Neurotoxicity and meds
Buried in the fine print of an article in Wikipedia, I found some rather disturbing information.
A number of releasing agents, notably many of those derived from amphetamine, have been found to be neurotoxic to serotonin and/or dopamine neurons via damage to axons and dendrites, enzymes, mitochondria, DNA, plasmalemmal and vesicular transporters, and the cell membrane, ultimately causing cell death or apoptosis as a result. Examples include amphetamine, methamphetamine, MDMA, fenfluramine, and PCA, among others.
What this says essentially is that amphetamines can damage neurons and cause cell death. But the piperidine compounds aren’t asÂ toxic – that’s Ritalin, Concerta and Daytrana:
In contrast, piperazine, aminoindane, and oxazoline releasing agents, as well as those from various other chemical families, are considered to be either fully nontoxic, or significantly less toxic in comparison.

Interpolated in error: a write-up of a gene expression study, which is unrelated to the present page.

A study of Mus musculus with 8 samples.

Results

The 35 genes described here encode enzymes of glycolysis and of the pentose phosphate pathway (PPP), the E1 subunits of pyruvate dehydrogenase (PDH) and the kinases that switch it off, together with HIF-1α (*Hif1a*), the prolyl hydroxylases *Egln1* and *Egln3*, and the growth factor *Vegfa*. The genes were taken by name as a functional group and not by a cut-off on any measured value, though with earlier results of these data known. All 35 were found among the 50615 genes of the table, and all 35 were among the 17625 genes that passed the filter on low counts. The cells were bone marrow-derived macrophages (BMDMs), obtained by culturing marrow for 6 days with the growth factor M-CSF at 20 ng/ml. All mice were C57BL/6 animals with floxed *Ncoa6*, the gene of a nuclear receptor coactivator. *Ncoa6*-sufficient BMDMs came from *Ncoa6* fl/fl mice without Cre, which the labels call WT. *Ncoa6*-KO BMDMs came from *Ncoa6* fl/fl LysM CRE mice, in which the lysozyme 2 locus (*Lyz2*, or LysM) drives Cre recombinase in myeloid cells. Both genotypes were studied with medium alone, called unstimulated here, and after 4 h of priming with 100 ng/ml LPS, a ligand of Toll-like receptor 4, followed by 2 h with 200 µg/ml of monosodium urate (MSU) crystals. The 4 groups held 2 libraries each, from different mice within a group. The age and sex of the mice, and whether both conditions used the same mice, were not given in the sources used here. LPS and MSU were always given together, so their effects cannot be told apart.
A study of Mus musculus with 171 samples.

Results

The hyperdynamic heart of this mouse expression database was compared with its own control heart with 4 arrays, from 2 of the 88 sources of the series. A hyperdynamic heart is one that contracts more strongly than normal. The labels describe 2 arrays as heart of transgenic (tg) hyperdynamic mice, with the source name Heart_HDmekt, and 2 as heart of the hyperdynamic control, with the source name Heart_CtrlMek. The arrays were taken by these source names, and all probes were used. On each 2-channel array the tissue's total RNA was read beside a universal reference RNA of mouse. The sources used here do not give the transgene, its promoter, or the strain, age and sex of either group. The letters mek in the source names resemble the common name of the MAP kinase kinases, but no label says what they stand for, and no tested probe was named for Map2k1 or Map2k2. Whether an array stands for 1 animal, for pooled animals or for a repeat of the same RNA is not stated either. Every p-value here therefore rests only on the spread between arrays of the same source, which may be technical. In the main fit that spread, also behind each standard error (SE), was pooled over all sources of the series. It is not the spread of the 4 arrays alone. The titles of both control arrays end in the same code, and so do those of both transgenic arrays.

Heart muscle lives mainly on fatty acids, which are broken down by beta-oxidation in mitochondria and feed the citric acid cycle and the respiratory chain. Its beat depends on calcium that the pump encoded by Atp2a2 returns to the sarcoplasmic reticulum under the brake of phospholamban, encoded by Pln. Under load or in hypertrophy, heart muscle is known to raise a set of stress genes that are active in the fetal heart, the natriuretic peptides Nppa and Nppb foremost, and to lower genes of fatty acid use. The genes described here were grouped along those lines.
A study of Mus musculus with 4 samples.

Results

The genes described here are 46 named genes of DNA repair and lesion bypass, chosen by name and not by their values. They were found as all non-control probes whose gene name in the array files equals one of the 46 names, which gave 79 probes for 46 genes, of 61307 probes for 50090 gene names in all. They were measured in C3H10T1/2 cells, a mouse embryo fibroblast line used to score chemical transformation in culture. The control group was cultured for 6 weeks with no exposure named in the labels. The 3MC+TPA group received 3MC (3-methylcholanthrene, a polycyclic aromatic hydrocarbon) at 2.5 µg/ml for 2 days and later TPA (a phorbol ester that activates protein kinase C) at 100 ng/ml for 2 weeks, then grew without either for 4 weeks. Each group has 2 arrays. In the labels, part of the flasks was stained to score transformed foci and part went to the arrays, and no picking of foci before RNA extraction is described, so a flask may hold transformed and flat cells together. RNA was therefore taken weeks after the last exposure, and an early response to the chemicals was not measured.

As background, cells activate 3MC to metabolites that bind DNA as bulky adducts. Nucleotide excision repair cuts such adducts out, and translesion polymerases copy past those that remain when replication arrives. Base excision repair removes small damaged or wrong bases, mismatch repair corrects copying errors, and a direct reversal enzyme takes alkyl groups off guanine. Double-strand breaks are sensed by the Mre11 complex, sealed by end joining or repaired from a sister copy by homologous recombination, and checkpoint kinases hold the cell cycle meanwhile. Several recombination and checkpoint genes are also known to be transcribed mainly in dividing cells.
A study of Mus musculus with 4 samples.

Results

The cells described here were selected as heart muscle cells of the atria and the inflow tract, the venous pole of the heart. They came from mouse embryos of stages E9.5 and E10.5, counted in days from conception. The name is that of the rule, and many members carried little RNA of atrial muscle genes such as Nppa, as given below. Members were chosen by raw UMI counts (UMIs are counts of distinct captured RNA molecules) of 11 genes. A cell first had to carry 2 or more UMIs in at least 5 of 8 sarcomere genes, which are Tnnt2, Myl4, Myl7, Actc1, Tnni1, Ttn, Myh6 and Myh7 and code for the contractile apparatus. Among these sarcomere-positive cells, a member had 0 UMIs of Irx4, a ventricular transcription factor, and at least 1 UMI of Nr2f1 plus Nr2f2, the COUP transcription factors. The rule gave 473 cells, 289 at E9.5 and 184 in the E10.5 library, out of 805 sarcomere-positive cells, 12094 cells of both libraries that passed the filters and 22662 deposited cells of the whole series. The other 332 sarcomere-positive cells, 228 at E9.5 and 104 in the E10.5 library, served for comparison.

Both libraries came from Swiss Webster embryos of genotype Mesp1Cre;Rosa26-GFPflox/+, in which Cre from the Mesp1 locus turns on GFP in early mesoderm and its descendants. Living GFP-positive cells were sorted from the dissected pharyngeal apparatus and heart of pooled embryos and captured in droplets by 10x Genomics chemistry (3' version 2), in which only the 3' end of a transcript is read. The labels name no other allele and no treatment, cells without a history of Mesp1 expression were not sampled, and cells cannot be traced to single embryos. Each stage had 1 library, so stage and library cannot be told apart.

Methylphenidate belongs to the piperidine class of compounds and increases the levels of dopamine and norepinephrine in the brain through reuptake inhibition of the monoamine transporters. It also increases the release of dopamine and norepinephrine. MPH possesses structural similarities to amphetamine, and, though it is less potent, its pharmacological effects are even more closely related to those of cocaine.
I’ve written here previously about Dr. Tracy Ware’s assertion that amphetamines aren’t such a good choice for our ADD brains, even if they do help our focus and concentration. And that Ritalin (methyphenadate) isn’t quite so bad. This article supports her opinion.
Darn it. Just when we found something that would at least wake up our brains a little, allow us to focus, the ultimate effect is negative. I sure don’t want cell death in my neurons. I think it’s back to caffeine for me. But in small doses so my heart doesn’t go pitty-pat in ways it shouldn’t.Â (sigh)Â Don’t you wish this was easier?